The impact of a meteor into the earth caused one of the five mass extinctions that occurred on our planet: The dinosaur extinction
Since the first animal fossil register, approximately 800 million years ago, the Earth has suffered at least twelve massive extinctions, of which five were of truly gigantic proportions.
Millions of species disappeared forever in these periods of massive deaths, but always some plants and animals remained as a point of departure for renewed diversification.
When we hear of extinctions in pre-history, we tend to think of the time when the Earth was inhabited by fabulous animals: the dinosaurs.
The dinosaurs dominated the zoology of our planet for one hundred and forty million years, a period which, in comparison with the history of our species, makes them almost eternal. But the dinosaurs only dominated the world for a brief period of time if we compare it with the age of the Earth. Even so, they are a fascinating example of the fragility of life. Because, even though they were the most formidable, powerful beings that have ever lived on our planet, they could do nothing against the forces of the cosmos.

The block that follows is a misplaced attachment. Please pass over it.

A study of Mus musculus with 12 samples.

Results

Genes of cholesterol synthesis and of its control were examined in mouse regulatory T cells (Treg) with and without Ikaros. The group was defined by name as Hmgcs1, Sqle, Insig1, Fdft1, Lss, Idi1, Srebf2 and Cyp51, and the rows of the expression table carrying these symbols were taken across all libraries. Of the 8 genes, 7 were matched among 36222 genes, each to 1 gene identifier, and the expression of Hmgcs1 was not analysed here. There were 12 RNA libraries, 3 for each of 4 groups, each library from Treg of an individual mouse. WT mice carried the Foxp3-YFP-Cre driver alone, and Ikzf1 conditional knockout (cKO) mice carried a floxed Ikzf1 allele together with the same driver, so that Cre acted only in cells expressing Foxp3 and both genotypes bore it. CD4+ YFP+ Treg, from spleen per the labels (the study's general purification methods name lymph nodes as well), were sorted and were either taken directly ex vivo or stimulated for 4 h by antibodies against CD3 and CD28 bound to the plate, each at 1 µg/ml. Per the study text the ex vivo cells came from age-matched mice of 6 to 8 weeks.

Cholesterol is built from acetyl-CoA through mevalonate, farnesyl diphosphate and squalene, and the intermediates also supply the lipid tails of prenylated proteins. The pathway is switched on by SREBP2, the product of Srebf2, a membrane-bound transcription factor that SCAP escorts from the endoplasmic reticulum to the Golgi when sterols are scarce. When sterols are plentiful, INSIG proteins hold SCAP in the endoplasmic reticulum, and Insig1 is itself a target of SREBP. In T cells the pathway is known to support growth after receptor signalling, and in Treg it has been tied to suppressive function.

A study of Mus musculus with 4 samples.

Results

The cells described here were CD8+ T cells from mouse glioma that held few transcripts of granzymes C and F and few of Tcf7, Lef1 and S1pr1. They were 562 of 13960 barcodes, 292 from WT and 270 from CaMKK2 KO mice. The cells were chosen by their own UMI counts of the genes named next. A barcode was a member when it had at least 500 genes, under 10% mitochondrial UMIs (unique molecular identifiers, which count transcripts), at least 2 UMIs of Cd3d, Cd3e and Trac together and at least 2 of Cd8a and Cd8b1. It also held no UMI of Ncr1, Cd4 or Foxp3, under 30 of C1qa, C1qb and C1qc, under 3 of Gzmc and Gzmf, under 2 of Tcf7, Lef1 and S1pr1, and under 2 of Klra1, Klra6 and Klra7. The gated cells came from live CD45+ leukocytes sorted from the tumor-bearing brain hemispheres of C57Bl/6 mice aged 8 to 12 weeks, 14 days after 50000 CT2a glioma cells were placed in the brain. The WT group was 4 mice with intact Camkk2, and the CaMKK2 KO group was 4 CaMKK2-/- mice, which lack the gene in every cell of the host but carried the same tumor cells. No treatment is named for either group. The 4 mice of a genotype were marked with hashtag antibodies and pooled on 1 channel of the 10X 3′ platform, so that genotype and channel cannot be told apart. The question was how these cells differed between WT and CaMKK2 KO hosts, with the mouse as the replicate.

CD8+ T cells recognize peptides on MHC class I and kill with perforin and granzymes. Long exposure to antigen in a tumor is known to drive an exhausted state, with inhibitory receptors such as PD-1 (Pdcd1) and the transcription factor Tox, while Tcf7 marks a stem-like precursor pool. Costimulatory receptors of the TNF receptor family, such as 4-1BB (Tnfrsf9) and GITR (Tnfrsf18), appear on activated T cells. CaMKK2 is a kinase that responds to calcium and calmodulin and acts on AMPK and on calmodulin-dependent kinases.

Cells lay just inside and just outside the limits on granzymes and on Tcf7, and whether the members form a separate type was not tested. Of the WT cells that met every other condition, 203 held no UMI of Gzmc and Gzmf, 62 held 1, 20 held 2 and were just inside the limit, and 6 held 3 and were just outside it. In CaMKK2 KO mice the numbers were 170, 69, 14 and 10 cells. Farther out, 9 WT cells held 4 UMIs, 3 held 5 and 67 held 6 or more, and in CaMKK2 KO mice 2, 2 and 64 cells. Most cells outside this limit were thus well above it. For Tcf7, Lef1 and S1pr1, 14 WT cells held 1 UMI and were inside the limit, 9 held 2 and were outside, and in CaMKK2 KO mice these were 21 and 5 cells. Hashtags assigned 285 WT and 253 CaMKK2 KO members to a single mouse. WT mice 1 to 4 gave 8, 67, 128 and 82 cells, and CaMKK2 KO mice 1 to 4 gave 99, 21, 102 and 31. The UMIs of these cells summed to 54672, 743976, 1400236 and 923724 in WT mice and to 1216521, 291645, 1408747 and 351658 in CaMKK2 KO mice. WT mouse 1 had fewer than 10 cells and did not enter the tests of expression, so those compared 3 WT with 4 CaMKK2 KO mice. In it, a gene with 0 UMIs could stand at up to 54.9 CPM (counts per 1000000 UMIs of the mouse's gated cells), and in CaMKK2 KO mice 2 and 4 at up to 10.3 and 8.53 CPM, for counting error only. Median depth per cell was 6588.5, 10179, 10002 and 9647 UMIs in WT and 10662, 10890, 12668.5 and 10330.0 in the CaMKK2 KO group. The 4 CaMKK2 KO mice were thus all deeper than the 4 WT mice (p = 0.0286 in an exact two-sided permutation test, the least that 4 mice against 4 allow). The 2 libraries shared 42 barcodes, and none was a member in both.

A force almost impossible to imagine came from space.
A medium-sized meteorite crashed into the Earth. It was neither the largest nor the most devastating of the many that have impacted against our planet, but the power of the impact was the equivalent of 10,000 times the detonation of all the nuclear weapons in the world.
The forests burnt, adding smoke to the dust raised by the impact and the eruptions of thousands of volcanoes.
The sky was covered over, preventing the sun from getting through. The climate changed radically. Without light, many plants died, and without food the great colossuses of our history disappeared from the Earth forever.
But this tragedy of the Cretaceous era was neither the first, nor the most devastating massive extinction.
A volcanic crater in the interior of the jungles of Costa Rica provides a clue to what the greatest murderers of pre-history were like.